Credit card swiped a second time? It's against privacy law

Public can now file report against retailers for collecting personal data

The Personal Data Protection Act, fully implemented on July 2, safeguards consumers against wrongful collection and use of personal data.
The Personal Data Protection Act, fully implemented on July 2, safeguards consumers against wrongful collection and use of personal data. ST FILE PHOTO

It is done so quickly that you might not even notice it. But that extra swipe of your credit card by some merchants compromises your personal data and breaches data protection laws.

Known in the industry as "double swiping", the second quick swipe of consumers' credit cards is typically done after credit-card transactions have been approved.

Merchants do this to record the mode of payment for accounting purposes and to collect cardholders' personal data for marketing purposes such as loyalty programmes.

Even though banks have been telling retailers to stop doing this in the past two years as the practice exposes consumers' personal data to security risks, many retailers have not stopped.

But today, new data protection legislation allows consumers to file a report against rogue merchants.

"If the merchant wants to collect personal data beyond what is needed for the payment, the merchant should get the consent of the customer," a spokesman for the Personal Data Protection Commission told The Straits Times.

The Personal Data Protection Act was fully implemented on July 2 to safeguard consumers against the wrongful collection, use and disclosure of personal data for marketing.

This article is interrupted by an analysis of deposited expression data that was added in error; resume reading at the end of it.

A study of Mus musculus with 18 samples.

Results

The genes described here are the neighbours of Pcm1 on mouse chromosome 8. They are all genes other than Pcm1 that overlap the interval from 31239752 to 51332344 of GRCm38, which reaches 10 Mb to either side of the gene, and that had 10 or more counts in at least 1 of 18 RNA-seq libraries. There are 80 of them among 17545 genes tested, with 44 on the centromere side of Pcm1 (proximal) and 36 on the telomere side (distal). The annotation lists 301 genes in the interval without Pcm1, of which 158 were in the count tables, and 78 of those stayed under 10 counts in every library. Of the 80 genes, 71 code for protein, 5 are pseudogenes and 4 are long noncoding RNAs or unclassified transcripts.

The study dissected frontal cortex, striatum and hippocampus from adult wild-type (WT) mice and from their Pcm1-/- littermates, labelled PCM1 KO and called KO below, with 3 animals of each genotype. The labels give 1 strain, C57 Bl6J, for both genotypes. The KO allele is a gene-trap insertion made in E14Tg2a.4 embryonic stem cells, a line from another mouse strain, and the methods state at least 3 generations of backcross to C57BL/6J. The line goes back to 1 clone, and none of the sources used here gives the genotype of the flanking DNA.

Last week, The Straits Times spotted several merchants, including eateries and toy shops, double-swiping cards.

The Association of Banks in Singapore (ABS) said banks have asked merchants to consider alternative ways of collecting consumers' data. The Straits Times understands that some are dragging their feet as this involves changing the way they work and investing in new systems.

"Some merchants and retailers would need extra time to reconfigure their more complex systems," said Mrs Ong-Ang Ai Boon, ABS director.

Double-swiping undermines the latest advancements in card technologies. Credit card data now resides more securely in embedded computer chips instead of on magnetic stripes that can be skimmed by fraudsters.

Depending on how merchants design their cash registers, any information - from the cardholders' names to credit card numbers and card expiration dates - can be collected.

The double-swiping practice has left some consumers concerned about their privacy.

Engineer Ngiam Shih Tung, 47, said: "A credit card number and expiration date are all you need for a fraudulent transaction on some websites."

The Personal Data Protection Commission said it has not received any complaint about double-swiping so far.

Organisations found in breach of the Act could face a fine of up to $1 million.